We previously presented a number of different image read designs that may be used in clinical trial assessments of safety and efficacy data, and that decisions are often made a priori based on the appropriateness of the design to meet trial objectives.
Here, we discuss the option of selecting a fixed versus rolling reader pool for the most common reader paradigm deployed in trials. We’re referring to a paired reader model with disagreements adjudicated by a third reader, commonly referred to as the 2+1 reader model.
In this model, a pair of readers [R1 and R2] will read all of the study images and when their assessments are discordant these cases are reviewed by the adjudicator [R3]. The adjudicator uses either a forced adjudication [adjudicator selects the assessment they agree with the most] or open adjudication [R3 provides their own final assessment resulting in 3 sets of results in the database].
As trials become larger (e.g., >500 subjects) using only 3 readers places excessive demands on the reader’s availability to review study images, which jeopardizes timelines. One robust and valid solution to this hurdle is to expand the pool of independent readers. This can be done by using multiple fixed pairs of readers, e.g., R1/R2; R3/R4,…; with a fixed adjudicator R(N) where each of the reader pairs read a fixed proportion of the images and discordant results are reviewed by a single adjudicator. Since the adjudicator is common to both reader pairs, evaluation bias may be more easily detected than in other reader models. However, there is an increased risk of unwanted adjudicator influence on the endpoint(s).
Another time-saving option is to deploy an expanded rolling reader pool in which cases are assigned based on availability. In this design, the first two available readers make up the primary read team. The adjudicator can be fixed or can be assigned from the remaining readers in the pool. Operationally this provides flexibility, balances out the influence of any single reader and allows the adjudication to be balanced between all of the expert readers when assigned from the remaining readers in the pool.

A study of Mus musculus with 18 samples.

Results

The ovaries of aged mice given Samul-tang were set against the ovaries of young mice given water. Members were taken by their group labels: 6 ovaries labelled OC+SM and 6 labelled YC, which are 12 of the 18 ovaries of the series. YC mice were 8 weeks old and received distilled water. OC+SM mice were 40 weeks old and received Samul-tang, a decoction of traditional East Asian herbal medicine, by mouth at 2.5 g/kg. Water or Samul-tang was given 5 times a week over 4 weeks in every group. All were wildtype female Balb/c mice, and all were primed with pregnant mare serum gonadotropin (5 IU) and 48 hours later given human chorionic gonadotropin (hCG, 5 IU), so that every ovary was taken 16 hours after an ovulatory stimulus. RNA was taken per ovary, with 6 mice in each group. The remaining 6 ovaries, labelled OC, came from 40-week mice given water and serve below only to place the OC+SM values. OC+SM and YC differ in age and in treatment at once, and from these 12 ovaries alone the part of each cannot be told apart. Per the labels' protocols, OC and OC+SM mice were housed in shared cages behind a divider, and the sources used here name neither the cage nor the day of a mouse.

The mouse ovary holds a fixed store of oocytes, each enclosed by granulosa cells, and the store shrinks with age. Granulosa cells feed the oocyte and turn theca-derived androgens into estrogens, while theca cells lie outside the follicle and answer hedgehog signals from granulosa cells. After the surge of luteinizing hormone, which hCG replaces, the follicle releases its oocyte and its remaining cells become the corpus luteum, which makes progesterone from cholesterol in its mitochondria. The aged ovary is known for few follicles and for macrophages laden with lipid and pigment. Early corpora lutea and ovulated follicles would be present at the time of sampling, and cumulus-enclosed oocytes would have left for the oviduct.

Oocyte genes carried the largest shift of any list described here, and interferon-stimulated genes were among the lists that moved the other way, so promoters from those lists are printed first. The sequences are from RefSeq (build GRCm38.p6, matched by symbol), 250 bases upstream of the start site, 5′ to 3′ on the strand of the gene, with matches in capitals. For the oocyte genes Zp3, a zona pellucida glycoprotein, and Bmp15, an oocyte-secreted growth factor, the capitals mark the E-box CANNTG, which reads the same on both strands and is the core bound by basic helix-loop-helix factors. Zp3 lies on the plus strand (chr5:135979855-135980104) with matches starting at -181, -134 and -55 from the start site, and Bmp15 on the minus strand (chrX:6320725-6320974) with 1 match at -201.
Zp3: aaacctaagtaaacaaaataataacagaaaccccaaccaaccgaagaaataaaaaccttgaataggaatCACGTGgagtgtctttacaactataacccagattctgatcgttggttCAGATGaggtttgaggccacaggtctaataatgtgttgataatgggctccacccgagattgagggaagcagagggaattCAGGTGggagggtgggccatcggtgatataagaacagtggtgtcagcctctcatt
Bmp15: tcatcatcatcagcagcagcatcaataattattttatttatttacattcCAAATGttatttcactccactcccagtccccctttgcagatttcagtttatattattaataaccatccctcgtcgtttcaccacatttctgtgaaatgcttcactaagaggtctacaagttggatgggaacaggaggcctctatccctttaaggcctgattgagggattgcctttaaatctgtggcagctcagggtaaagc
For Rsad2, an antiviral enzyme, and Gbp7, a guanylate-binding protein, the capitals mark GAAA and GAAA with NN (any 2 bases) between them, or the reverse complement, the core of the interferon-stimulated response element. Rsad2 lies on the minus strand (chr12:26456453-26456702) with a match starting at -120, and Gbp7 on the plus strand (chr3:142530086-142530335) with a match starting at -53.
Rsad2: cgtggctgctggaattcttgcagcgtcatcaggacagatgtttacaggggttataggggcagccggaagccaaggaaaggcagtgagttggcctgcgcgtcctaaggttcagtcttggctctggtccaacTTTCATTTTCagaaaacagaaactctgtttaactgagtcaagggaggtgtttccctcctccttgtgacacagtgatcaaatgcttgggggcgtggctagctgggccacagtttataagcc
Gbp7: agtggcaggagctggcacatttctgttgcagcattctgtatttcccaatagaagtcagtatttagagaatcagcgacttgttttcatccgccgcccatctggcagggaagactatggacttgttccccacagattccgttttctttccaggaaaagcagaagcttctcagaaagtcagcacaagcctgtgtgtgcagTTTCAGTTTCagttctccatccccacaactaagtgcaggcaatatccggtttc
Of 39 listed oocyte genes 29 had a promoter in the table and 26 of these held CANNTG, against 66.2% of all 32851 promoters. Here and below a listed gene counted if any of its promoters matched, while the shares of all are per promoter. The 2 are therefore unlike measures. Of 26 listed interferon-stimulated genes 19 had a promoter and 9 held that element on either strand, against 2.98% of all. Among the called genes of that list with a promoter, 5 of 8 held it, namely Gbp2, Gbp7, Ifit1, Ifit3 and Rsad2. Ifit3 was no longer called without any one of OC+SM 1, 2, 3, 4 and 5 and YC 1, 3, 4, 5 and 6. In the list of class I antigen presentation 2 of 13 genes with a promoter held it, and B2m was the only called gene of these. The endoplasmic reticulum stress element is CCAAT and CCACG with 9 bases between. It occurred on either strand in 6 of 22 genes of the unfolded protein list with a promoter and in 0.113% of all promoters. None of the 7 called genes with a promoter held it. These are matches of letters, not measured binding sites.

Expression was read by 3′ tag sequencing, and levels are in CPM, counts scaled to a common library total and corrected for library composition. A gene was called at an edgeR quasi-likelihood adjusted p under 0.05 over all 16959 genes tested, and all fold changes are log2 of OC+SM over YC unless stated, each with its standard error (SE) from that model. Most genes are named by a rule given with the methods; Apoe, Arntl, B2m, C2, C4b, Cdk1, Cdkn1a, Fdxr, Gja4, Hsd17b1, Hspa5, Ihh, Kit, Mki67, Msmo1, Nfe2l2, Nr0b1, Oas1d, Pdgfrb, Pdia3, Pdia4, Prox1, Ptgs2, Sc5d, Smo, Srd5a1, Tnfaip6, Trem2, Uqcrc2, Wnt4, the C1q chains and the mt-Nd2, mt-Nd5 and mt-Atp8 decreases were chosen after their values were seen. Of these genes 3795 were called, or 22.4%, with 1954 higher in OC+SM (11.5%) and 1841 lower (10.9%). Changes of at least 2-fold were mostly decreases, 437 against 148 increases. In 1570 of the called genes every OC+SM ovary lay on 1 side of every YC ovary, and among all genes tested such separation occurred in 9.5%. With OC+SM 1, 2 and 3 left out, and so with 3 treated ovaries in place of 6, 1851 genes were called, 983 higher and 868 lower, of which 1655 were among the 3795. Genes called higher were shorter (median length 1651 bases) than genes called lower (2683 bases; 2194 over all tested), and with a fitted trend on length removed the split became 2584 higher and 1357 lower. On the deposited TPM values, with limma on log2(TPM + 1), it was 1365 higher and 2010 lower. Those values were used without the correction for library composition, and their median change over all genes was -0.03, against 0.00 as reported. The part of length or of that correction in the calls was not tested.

This design should result in a balanced assignment of cases to readers, but not always. So, it would be wise to monitor the number of cases assigned to each reader in order to identify imbalances that could affect the quality of the evaluations and to ensure a manageable number of fixed reader pair combinations for reader performance analysis.
In medium-size trials, the operational team will need to more closely monitor reader assignments and ideally pre-define a minimum number of cases that each reader or reader pair should assess. This is very important when monitoring reader performance and deciding if any of the readers is consistently associated with higher adjudication rates. The advantage of this design is that readers will “average” each other out and, importantly, a biased adjudicator is not overly influential.
In each of these enhanced reader pool designs, there is an assumption that the readers are well- and equally trained and that reader performance monitoring validates this assumption. There is a common belief that more readers necessarily mean more variability. While a single reader means no variability, more readers do not necessarily give rise to more discordance and, conceivably, actually reduce disagreement.
As stated earlier, more readers help reduce the impact of any single aberrant reader, allow a more efficient review of reader performance and, if the assumption of well- and equally trained is valid, there is no loss of power in the endpoint analysis. In statistical terms, this is known as exchangeability and diligently works to meet the goals of the study – to provide evidence of safety and efficacy which leads to the delivery of new therapies for patients.